Linux Mint 19.1 dual boot via USB problem
Linux Mint dual boot problem
I am attempting to set up Linux Mint 19.1 in a dual boot situation from a USB.
I have followed the baby steps outlined via the following link
I am a noob, so have followed the steps faithfully through to the end, and apart from slight differences between my screen display and the video, the screens appear identical.
However, on clicking “Install Now” I get the following message:

The partition table format in use on your disks normally requires you to create a separate partition for boot loader code. This partition should be marked for use as a “Reserved BIOS boot area” and should be at least 1 Mb in size. Note that this is not the same as a partition mounted on /boot.

If you do not go back to the partitioning menu and correct this error, boot loader installation may fail later, although it may still be possible to install the boot loader to a partition.

Unfortunately, as I have booted into a live session from the USB I am unable to save relevant screenshots of my progress. Manual comparison of the “installation” screen on my laptop and the screen shown in the video appear identical.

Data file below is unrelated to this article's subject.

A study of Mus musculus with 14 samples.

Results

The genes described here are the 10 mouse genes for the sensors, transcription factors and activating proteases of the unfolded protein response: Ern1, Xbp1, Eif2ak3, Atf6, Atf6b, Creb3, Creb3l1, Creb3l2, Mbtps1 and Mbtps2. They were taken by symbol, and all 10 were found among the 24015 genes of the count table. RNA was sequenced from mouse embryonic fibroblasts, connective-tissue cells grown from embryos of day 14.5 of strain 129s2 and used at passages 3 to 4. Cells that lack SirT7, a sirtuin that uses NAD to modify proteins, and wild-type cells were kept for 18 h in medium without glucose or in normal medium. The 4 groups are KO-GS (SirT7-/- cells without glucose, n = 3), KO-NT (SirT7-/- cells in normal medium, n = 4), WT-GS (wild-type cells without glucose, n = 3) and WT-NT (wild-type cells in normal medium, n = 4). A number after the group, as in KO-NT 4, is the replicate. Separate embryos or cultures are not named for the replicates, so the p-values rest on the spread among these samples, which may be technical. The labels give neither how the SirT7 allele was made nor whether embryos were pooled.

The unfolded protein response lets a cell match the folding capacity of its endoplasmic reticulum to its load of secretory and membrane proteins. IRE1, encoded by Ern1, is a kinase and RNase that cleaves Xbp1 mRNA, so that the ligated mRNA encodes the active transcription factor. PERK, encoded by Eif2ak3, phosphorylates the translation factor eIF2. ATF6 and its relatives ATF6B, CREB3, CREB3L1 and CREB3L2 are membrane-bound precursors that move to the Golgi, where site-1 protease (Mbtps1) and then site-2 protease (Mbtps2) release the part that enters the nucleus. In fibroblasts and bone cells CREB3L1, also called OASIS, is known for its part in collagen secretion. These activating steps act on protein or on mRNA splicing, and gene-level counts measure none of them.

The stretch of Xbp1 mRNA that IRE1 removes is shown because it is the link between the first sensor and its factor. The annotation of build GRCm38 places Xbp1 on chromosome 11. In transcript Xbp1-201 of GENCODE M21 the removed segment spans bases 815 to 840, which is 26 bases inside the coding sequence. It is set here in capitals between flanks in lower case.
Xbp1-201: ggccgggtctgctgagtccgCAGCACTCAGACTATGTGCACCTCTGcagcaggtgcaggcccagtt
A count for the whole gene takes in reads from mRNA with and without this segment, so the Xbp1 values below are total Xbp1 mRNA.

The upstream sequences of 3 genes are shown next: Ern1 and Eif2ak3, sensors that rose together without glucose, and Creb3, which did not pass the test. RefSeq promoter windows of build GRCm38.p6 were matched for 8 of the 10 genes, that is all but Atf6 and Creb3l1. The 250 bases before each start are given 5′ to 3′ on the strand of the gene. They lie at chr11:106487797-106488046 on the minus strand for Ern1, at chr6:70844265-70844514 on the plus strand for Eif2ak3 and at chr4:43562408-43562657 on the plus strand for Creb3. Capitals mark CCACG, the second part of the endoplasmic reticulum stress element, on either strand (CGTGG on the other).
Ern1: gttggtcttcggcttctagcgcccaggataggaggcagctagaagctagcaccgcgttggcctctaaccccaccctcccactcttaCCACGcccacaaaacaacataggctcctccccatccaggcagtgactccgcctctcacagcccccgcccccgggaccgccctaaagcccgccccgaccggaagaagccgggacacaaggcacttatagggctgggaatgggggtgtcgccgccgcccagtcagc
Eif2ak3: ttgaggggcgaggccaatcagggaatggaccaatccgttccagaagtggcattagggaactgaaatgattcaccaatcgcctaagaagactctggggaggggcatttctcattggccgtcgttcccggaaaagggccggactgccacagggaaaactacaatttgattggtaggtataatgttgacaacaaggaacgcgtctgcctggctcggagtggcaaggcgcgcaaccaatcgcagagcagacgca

What now?

colorpurple21859 08-02-2019 12:29 PM

The message you have occurs when installing grub bootloader to a gpt type disk in legacy mode. a 1 mb partition flagged as bios-boot/bios-grub is needed that will need to be created manually. The link you following doesn't cover this.

If this an uefi, system start over, reboot, when you use the f-keys, select the usb efi option and continue as before.

MyfokMarelize 08-02-2019 02:42 PM

Thanks for the feedback. Sadly a lot of your reply is still confusing to me - this is my first foray into Linux and until it boots up I cannot even start to learn.

To clarify, I have amended the BIOS boot to Legacy in order to load the live session. Then I have triggered the "installation" process. I had previously partitioned my HDD into C: (350Mb) and unallocated a further 100Mb to locate the Mint installation.
During the setup I selected the "free space", added a / (root) of 20Mb using ext4 file system
Then I again selected the "free space", added a 4Gb "swap area" partition, and finally
allocated the remaining free space to /Home, selecting Logical, Beginning, and ext4 journalling file system, with the mount point "HOME".
It is at this point I clicked on "Install now" which, in turn, led to the boot loader problem mentioned initially (above).
Any further pointers you can offer would be greatly appreciated.

AFTERTHOUGHT: Does it make a difference if I have chosen Linux Mint 19.1 32bit?

colorpurple21859 08-02-2019 05:31 PM


AFTERTHOUGHT: Does it make a difference if I have chosen Linux Mint 19.1 32bit?
Yes, 64bit would be a better option, allow you to boot without having to enabling legacy mode and allow you to boot windows without using fkeys to change between the two systems.